The Pros and Cons of Filip Chytil on the Wing

How moving the young Czech forward can help, and hurt, his development

Coming into the 2018-19 season one of the biggest storylines for the New York Rangers was the development of the 19 year old center, Filip Chytil. After getting drafted 21st overall in 2017, Chytil opened up everyone’s eyes during training camp and then went on to play two games for the Rangers in 2017 before spending most of the season in the AHL. He then put up one of the best 18 year old seasons that the AHL ever saw and finally was promoted for seven more games as the Rangers played out the end of the 2017-18 season, where he picked up his first career goal.

One letter, trade deadline, new coach, and season later, Filip Chytil found himself as one of the cornerstones of the Rangers rebuild and was expected to get thrust into the spotlight from puck drop. On opening night, rookie head coach David Quinn had Chytil on the third line, centering Jesper Fast and Ryan Spooner. In the second period against the Nashville Predators, Chytil did this:

It was a hell of a start for the young center and he ended the night with that assist, 15 shifts, and 12:41 of ice time. All in all, not a bad start, and the next game in Buffalo was even better. Filip didn’t put up any points in the 3-1 loss to the Sabres, but he did have three shots on goal, 18 shifts, and a whopping 17:18 TOI. Then, things get a bit weird because the next night, which saw the Rangers and Hurricanes trade goals for a while before the Canes pulled away with an 8-5 win, only had 11 dressed forwards. In that game, Chytil was centering Ryan Spooner and Mats Zuccarello and since then, Chytil has been between Vinni Lettieri and Vladislav Namestnikov, essentially on the 4th line getting 10-11 minutes a night.

If this season is truly one of development, and it is, surely getting younger players like Chytil more ice time should be a priority and it is... kind of. See, while Chytil saw his ice time get shaved, another rookie center has been making a case to see more minutes.

Over the first week of the season Brett Howden has emerged as one of the bigger, positive surprises for the Rangers and has seen his ice time steadily improve as the games have gone on, playing between 15-17 minutes the last three games. It’s hard to say that Howden hasn’t earned the promotion, because he has, and it isn’t a knock on Chytil either. The problem, though, is that both of these young players need to see more ice time and there is just so much to go around between the two, and the Rangers’ top two centers Mika Zibanejad and Kevin Hayes.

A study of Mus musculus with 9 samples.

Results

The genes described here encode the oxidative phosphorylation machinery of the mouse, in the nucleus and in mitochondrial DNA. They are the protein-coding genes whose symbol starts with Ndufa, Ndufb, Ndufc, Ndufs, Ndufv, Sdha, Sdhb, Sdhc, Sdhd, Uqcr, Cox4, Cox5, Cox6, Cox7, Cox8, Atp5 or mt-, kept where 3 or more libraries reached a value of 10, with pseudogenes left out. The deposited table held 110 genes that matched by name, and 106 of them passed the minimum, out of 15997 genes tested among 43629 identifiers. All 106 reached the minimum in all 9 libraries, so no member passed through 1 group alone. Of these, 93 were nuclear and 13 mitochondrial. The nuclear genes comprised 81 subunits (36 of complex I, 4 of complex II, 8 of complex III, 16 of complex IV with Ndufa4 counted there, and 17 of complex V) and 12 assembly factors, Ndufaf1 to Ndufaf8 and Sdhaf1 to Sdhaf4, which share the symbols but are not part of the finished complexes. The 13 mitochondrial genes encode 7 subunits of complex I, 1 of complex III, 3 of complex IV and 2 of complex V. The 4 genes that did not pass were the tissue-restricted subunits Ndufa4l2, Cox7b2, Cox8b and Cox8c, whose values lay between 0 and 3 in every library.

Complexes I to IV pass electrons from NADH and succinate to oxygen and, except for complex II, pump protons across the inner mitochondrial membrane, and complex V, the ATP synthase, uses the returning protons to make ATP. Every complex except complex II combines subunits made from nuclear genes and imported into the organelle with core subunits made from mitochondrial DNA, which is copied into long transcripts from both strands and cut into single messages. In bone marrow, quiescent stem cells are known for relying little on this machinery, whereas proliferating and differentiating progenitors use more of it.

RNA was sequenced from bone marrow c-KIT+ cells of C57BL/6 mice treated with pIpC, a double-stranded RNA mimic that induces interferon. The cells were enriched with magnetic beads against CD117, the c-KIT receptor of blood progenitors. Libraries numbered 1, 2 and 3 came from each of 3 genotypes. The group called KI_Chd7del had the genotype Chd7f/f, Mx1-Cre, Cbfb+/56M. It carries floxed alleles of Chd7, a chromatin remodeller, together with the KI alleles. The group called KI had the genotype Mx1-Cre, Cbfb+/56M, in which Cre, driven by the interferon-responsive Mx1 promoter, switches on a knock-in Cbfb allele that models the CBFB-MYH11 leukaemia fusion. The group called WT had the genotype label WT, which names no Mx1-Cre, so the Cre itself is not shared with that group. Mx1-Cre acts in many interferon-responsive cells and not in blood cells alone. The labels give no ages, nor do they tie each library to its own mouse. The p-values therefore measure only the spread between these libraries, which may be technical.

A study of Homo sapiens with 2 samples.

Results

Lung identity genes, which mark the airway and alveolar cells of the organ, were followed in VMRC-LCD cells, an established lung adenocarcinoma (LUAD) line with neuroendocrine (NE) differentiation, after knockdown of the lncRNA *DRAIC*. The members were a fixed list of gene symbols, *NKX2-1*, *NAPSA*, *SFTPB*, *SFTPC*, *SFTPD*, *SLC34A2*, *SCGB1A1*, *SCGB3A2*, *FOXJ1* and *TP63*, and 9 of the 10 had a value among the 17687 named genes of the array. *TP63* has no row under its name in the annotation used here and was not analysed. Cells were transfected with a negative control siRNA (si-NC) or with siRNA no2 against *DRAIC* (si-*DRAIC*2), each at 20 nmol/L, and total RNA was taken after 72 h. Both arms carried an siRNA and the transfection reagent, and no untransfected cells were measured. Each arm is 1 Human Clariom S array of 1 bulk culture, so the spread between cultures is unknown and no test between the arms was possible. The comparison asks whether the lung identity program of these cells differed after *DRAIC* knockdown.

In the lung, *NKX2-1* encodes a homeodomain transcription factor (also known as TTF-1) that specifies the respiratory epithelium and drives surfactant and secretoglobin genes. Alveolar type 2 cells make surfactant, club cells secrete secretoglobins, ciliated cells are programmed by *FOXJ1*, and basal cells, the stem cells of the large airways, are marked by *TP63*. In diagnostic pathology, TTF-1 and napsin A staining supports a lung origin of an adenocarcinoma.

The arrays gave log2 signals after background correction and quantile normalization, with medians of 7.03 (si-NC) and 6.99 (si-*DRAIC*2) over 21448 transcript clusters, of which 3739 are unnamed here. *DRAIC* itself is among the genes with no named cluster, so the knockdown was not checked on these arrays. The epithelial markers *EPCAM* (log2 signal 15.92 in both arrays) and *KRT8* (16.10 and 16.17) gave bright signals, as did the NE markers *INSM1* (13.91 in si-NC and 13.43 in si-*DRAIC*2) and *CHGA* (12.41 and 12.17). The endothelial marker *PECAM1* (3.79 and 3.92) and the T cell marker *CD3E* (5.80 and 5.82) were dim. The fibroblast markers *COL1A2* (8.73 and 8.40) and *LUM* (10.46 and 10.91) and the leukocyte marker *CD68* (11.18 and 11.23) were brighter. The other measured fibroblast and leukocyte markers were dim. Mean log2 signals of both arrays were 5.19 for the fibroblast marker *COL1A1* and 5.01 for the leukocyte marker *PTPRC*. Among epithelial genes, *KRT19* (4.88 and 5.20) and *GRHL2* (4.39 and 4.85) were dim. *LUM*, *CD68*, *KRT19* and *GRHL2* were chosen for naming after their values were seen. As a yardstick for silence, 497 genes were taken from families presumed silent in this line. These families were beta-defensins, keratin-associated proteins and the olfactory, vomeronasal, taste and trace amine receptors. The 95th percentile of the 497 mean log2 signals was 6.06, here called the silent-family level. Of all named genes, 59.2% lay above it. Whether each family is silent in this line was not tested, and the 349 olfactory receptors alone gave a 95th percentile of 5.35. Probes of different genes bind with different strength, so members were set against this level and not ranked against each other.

It’s the job of the head coach David Quinn to manage this, and somewhat refreshingly, he understands this.

Quinn understands that he needs to get Chytil more ice time and he even addresses an idea that might seem a tad out there — he might put Chytil on the wing to get him that ice time. Is that a good idea though?

Chytil was drafted as a center and the best teams in the league are built with strong center depth, so going forward the Rangers hope to have that center depth in place and build around it. Moving him from the middle to wing and back again could hurt his development long term (see Miller, J.T. and Hayes, Kevin as more recent examples of this). While it is very, very early in both this season and the young Czech forward’s career, I do think the Rangers need to really think through this move. Whichever course they take, the Blueshirts need to stick with it and let Chytil learn through his mistakes.

On the positive side, moving Chytil to the wing gives him the opportunity to play up in the lineup and with more talented and skilled players. Chytil’s skill set and play style is such that he can find success playing off of players like Kevin Hayes and Mats Zuccarello. Also, playing Chytil with Hayes and Zuccarello can hopefully jumpstart the slow seasons that both veteran forwards have had playing with guys like Ryan Spooner and Jimmy Vesey.

All in all, moving Chytil to the wing for a few games isn’t the end of the world for either the Rangers or Chytil himself, and if it works out it gives the Rangers more options for offense both now and in the future.